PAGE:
When Responsible Finance Rhymes with World Women's Day
Few international days are as well known, celebrated and historically marked as International Women's Day. In some countries it is even a national holiday. It was at the turn of the 19th century that this day began to be noticed, particularly at the instigation of Russian women who demanded more rights, peace and justice in the aftermath of the First World War. The United Nations set this day as 8 March in 1975.
Gender equality and the empowerment of women became one of the sustainable development goals of the United Nations in 2015.
Progress has been made around the world towards this goal. For example, in Asia, the marriage of young girls has declined by 40% since 2000 and in Morocco, the female school enrolment rate is now over 85%(1).
Ensuring women's equal access to education, health care, decent work and representation in political and economic decision-making processes promotes sustainable economies and benefits societies. The United Nations consider that one dollar invested in programmes to improve income-generating activities for women generates seven dollars of growth.
While all countries around the world are struggling to contain the spread and consequences of the COVID-19 epidemic, lessons learned from similar circumstances show that women are singularly affected, and in many ways are harder hit. There is a risk of increased gender inequalities during and after the pandemic and a loss of decades of gains in human capital accumulation, economic empowerment and women's decision-making and action capacity(2).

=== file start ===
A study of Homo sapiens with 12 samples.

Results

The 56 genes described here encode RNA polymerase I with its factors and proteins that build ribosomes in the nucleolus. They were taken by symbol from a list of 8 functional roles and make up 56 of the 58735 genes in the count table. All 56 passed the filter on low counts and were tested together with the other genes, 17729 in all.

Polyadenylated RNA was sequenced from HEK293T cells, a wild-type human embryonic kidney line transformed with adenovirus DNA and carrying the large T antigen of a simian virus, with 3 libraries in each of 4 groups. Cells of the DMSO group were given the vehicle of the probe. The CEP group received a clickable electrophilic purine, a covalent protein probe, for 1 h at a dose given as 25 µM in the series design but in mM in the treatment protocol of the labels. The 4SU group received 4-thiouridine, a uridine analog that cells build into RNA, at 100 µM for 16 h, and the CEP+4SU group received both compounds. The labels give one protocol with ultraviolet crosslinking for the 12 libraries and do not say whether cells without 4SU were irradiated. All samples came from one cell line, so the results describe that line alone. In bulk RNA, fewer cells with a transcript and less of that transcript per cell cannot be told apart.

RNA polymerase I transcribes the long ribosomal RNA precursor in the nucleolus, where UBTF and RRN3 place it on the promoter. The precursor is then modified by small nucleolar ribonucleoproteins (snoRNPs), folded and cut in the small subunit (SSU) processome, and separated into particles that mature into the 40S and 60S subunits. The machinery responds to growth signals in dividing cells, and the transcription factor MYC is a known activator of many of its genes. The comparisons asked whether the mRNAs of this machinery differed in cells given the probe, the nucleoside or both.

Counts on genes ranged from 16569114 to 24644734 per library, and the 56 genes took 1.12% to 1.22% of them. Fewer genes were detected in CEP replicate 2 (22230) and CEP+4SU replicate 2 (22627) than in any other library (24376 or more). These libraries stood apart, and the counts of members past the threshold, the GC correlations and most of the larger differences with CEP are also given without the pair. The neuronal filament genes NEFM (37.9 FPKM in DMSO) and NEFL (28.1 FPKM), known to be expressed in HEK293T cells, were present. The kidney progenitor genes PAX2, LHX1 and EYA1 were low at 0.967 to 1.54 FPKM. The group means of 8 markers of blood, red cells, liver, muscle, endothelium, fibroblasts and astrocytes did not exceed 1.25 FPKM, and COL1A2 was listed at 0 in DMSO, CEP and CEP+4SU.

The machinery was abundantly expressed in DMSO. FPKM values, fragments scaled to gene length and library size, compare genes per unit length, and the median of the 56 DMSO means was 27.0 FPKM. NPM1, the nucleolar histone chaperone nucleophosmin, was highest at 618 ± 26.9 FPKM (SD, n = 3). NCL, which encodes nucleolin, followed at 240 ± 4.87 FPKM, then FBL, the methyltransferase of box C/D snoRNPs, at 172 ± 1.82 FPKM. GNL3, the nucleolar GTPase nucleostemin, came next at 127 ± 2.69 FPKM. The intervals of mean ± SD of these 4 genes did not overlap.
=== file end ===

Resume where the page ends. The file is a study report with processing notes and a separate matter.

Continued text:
In our developed economies, where the issue of girls' education is less acute, the focus is more on equal pay and equal access to positions of responsibility. Although the principle that men and women should receive equal pay for equal work has been enshrined in the European treaties since 1957, in many countries, we are still not on target.
Nevertheless, we note that the companies in which women are most highly represented have significant financial and even stock market performances(3).
Sources: McKinsey & Company(4)
An increasing number of socially responsible investors include among their selection criteria the indicator of the number of women in management bodies and on boards of directors.
At the same time, financial products are being developed from the criterium of gender equality in companies, such as "gender parity" ETFs(5). They are based on the index constructed by the research organisation Equileap, made up of 150 equally weighted companies from around the world with the best score in terms of gender equality.
On the occasion of Women's Rights Day, why not consider investing in this type of ETF, according to your investor profile, to support the cause of women? Your Private Banker is at your disposal for any further information.
(1) According to the World Bank report on education, released in 2018: http://www.worldbank.org/en/publication/wdr2018
(2) “Diversity Wins”, Mckinsey & Company, May 2020. Difference between the probability of financial outperformance and the national industry median of the five-year average EBIT margin using the full company data set each year
(3) According to the Institut Montaigne study, released in July 2019 (French only): https://www.institutmontaigne.org/ressources/pdfs/publications/agir-pour-la-parite-performance-la-cle-note.pdf
(4) « Genre et égalité hommes-femmes Vue d’ensemble », article by the World Bank, released on April 10, 2020: https://www.banquemondiale.org/fr/topic/gender/overview#1
(5) ETF (Exchange Traded Funds) or tracker means a financial instrument listed on a stock exchange that allows the real time tracking of a stock market index. These funds present a risk of partial or total capital loss.